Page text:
Under-pressure Gotabaya Rajapaksa has sacked the finance minister – his brother Basil – as the economic crisis in the island nation deepens

Sri Lanka economic crisis is sometimes blamed on China's debt-trap diplomacy
Protesters in a residential area in Colombo defy a government curfew on Sunday following clashes with police. Photo: Reuters.


Sri Lanka’s President Gotabaya Rajapaksa has ditched his brother as finance minister and called for a unity government as protests against the economic crisis continued and cracks emerged in the ruling coalition.

The debt-laden country, run by Rajapaksa and his brothers in top positions, is struggling to pay for imports of fuel and other goods due to a scarcity of foreign exchange, leading to hours-long power cuts and a shortage of essentials.

Street protests against the government continued on Monday with crowds gathering in several towns, including in southern Tangalle where people holding posters and the national flag broke through police barricades, local media reported.

“Four ministers were appointed to ensure parliament and other tasks can be conducted in a lawful manner until a full Cabinet can be sworn in,” Rajapaksa’s media office said in a statement after cabinet ministers resigned in a bid to resolve the crisis.



“The president invites all political parties representing in the parliament to come together to accept ministerial portfolios in order to find solutions to this national crisis,” the president’s media office said, calling for a unity government.

Central Bank of Sri Lanka Governor Ajith Nivard Cabraal said on Twitter he had also offered to quit.

Udaya Gammanpila, the chief of one of the 11 political parties comprising the ruling coalition, rejected Rajapaksa’s move, calling the new cabinet “old wine in a new bottle.”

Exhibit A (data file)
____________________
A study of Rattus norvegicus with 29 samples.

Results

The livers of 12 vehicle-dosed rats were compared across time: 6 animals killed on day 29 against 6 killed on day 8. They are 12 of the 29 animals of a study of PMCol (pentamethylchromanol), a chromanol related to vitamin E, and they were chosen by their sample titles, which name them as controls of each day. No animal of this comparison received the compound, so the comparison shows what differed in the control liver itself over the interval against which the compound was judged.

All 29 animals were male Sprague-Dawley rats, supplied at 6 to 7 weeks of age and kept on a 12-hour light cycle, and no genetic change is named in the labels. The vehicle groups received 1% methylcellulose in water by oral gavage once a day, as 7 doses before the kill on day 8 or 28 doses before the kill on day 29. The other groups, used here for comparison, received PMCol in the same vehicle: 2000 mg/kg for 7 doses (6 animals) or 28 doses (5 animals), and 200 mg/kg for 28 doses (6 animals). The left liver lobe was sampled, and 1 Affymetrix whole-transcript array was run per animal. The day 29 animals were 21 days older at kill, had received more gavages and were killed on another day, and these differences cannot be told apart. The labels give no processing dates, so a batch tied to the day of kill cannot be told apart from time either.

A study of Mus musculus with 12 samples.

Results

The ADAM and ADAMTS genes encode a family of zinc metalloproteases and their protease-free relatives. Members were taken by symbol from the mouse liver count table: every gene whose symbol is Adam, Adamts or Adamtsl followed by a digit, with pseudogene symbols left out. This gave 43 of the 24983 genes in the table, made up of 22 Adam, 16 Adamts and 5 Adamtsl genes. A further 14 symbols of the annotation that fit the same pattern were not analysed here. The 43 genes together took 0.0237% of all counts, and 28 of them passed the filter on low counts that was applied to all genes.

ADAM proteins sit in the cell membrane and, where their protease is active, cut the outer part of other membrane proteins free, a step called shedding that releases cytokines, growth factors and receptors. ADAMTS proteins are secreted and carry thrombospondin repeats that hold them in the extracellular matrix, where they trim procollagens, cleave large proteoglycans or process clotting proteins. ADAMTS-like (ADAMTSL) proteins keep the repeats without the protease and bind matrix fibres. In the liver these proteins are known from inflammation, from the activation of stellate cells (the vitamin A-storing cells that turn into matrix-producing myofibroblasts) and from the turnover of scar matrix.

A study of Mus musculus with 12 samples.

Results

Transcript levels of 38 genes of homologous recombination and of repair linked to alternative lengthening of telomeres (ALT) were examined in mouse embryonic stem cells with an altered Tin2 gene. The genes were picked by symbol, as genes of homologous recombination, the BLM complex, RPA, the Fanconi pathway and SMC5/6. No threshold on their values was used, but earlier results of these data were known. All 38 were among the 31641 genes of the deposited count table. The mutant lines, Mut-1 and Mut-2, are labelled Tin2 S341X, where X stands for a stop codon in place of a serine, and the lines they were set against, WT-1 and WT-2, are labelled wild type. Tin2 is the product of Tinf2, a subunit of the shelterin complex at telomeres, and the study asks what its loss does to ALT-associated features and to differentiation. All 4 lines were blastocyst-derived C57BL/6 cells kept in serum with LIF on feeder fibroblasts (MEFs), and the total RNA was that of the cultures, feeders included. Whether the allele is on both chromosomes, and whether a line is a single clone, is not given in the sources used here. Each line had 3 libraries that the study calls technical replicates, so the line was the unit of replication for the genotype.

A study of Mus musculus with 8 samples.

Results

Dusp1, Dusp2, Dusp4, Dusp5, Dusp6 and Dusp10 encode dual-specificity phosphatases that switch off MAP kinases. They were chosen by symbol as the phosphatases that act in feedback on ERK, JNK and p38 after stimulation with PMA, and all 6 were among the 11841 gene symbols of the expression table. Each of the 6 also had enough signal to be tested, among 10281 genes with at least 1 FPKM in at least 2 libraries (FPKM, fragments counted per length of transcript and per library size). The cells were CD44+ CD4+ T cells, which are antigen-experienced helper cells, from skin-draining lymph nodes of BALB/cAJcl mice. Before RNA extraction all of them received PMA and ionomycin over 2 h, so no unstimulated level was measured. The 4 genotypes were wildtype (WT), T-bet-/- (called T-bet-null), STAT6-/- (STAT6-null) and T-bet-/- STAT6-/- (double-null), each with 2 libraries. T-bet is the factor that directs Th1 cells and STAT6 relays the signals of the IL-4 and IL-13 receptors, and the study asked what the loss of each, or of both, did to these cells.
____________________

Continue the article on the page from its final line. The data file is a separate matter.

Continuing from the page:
“Our demand is for an all-party interim government to restore essential services and to hold a parliamentary election,” Gammanpila of the Pivithuru Hela Urumaya party wrote on Twitter. “People should decide their next leaders, not anybody else.”

Charmara Nakandala, a protester, said the cabinet changes were temporary attempts to placate the public.

“This cabinet change is to try and fool the people,” Nakandala, a marketing executive, said at a protest in Colombo, the main city. “This government is over. Rajapaksas no longer can save this by playing musical chairs.”


Colombo Stocks in the Red

The Colombo Stock Exchange’s All Share Index briefly turned positive following the flurry of announcements, before turning red again. The market is down about a third this year, and the bourse suspended trading twice on Monday morning due to sharp falls in the benchmark share price index.

The developments come after Gotabaya Rajapaksa, whose elder brother is the prime minister, declared a state of emergency on Friday, following spiralling street protests in the island nation.

The country of 22 million, off India’s southern tip, is also grappling with soaring inflation after the government steeply devalued its currency last month ahead of the IMF talks.

The country’s expenditure has exceeded its income under successive governments while its production of tradable goods and services has been inadequate. The twin deficits were badly exposed by the Covid-19 pandemic that crippled its economic mainstay, the tourism industry.

“If this interim government is put in place and it is with people who have some credibility, then we can instil some confidence both in the people and in the markets,” said Paikiasothy Saravanamuttu, executive director of the Centre for Policy Alternatives think-tank.

But there would be some dissatisfaction with the president holding on to his position, he said.

“The demands on the street were that Gotabaya Rajapaksa should go,” Saravanamuttu said. “He was the target.”


  • Reuters with additional editing by Sean O’Meara


Read more:

How Sri Lanka Spiralled Into Crisis And Who is Helping Them

Sri Lanka Lifts Curfew Imposed After Protests Turn Violent

Sri Lanka’s Economic Crisis Sees Food, Fuel in Short Supply

Sean O'Meara

Sean O'Meara is an Editor at Asia Financial. He has been a newspaper man for more than 30 years, working at local, regional and national titles in the UK as a writer, sub-editor, page designer and print editor. A football, cricket and rugby fan, he has a particular interest in sports finance.